The cert petition in Latif has been filed. So far, only the questions presented have been released publicly. They are as follows:
Latest in Latif v. Obama
Peter Margulies of Roger Williams University School of Law has sent in two accounts of panel discussions at the annual meeting of the American Association of Law Schools. Here is the first:
Daphne Eviatar of Human Rights First writes in with the following comments on Latif and the detention provisions of the NDAA:
Sabin Willett, who represented the Guantanamo Uighurs in Parhat and Kiyemba, writes in with the following comments about Latif:
Over at the Empty Wheel blog, Marcy Wheeler has a very impressive set of speculations regarding what the mysterious Report at issue in Latif (which I discuss at length here) might be. Here's her bottom line:
The D.C. Circuit strongly disfavors en banc review. For longstanding cultural reasons, the court avoids en bancs whenever possible. This is generally a good thing. En bancs can be ugly; they stress a court's collegiality. The Latif case, however, should probably overcome the court's allergy to en bancs. I don't know whether Latif's lawyers will ask the full court to rehear the matter.
The more I study the D.C. Circuit decision in Latif, the more important I think it is, and the more regrettable I think it probably is. I'm going to spread this out over two posts. In this one, which is going to be very long, I'm going to describe in some depth the arguments in both the majority opinion by Judge Janice Rogers Brown and the dissenting opinion by Judge David Tatel.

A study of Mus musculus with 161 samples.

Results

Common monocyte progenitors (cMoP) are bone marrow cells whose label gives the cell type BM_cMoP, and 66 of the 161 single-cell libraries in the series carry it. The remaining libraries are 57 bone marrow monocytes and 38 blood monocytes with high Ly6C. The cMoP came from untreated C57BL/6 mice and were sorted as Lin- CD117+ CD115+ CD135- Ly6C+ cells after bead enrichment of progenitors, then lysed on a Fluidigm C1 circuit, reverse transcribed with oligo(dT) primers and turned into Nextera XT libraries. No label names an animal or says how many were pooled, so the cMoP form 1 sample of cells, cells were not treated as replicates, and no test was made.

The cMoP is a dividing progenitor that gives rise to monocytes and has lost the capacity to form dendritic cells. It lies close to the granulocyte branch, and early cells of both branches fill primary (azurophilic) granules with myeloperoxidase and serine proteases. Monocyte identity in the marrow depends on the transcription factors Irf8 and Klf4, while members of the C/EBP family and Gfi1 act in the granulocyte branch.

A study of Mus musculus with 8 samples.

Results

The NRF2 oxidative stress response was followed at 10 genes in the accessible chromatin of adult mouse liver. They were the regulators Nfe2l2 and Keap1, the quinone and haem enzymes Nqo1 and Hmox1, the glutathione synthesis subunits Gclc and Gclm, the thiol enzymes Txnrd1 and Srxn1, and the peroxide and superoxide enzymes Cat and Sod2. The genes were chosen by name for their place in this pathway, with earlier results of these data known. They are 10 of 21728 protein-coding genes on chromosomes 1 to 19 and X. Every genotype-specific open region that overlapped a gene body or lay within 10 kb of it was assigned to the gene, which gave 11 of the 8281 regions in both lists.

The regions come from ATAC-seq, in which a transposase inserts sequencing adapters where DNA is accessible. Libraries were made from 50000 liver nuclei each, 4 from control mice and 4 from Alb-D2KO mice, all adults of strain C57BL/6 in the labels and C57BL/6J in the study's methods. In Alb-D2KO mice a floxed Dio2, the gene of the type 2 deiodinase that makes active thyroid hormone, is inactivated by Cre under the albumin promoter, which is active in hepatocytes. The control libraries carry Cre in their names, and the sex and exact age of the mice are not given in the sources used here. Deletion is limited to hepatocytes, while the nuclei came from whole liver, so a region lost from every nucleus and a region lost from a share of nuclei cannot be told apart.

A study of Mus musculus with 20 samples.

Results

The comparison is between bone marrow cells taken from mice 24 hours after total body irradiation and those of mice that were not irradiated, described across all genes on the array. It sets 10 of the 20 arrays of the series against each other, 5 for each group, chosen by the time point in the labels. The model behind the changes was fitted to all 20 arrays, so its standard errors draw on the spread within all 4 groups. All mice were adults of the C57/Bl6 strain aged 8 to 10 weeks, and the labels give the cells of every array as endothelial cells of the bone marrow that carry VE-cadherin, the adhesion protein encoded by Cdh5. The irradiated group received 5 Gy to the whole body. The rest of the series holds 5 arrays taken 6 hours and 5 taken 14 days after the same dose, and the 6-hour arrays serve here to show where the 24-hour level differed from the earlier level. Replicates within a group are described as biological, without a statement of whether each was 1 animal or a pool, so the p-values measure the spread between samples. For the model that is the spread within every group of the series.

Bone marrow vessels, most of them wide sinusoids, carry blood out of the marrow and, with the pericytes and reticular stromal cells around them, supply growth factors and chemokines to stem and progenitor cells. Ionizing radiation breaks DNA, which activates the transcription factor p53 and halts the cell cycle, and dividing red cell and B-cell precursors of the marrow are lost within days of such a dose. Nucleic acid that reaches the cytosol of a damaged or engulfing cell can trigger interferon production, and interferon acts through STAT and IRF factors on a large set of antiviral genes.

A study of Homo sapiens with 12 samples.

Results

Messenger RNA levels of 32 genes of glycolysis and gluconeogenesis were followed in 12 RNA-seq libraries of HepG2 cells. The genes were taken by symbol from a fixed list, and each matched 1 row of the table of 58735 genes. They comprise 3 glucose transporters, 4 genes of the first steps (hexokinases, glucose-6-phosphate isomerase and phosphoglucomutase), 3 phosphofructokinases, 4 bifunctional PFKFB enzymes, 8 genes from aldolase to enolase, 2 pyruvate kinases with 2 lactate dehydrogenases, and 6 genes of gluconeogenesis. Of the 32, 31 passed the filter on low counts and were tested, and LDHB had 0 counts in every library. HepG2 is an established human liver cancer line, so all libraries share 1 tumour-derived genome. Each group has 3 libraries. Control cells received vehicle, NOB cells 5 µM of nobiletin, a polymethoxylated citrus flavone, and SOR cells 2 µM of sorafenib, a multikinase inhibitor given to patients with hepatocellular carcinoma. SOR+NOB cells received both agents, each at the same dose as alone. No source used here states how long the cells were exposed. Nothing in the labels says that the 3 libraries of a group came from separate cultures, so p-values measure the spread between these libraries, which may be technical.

Here's my question: Why has there been virtually no press coverage of the Latif decision? Other than this article on CNN's web page, which actually ignores the aspect of the case that makes it jurisprudentially important, a search on Google News reveals none (other than Lawfare stuff). Memo to the press: This case is important.
Peter Margulies of Roger Williams Law School writes in with the following critique of the Latif decision and praise of Judge David Tatel's dissent. While I don't agree with every aspect of this analysis, I agree with a great deal of it:
I have now read the entirety of Latif, and I am--quite honestly--not entirely sure what to make of it. For one thing, the redactions are extensive, far more so than in the normal D.C. Circuit habeas case. They involve matters central to the disposition of the case, and they thus make much of the dispute between Judges Janice Rogers Brown and Karen LeCraft Henderson, on one side, and David Tatel, on the other, more than a little bit difficult to discern.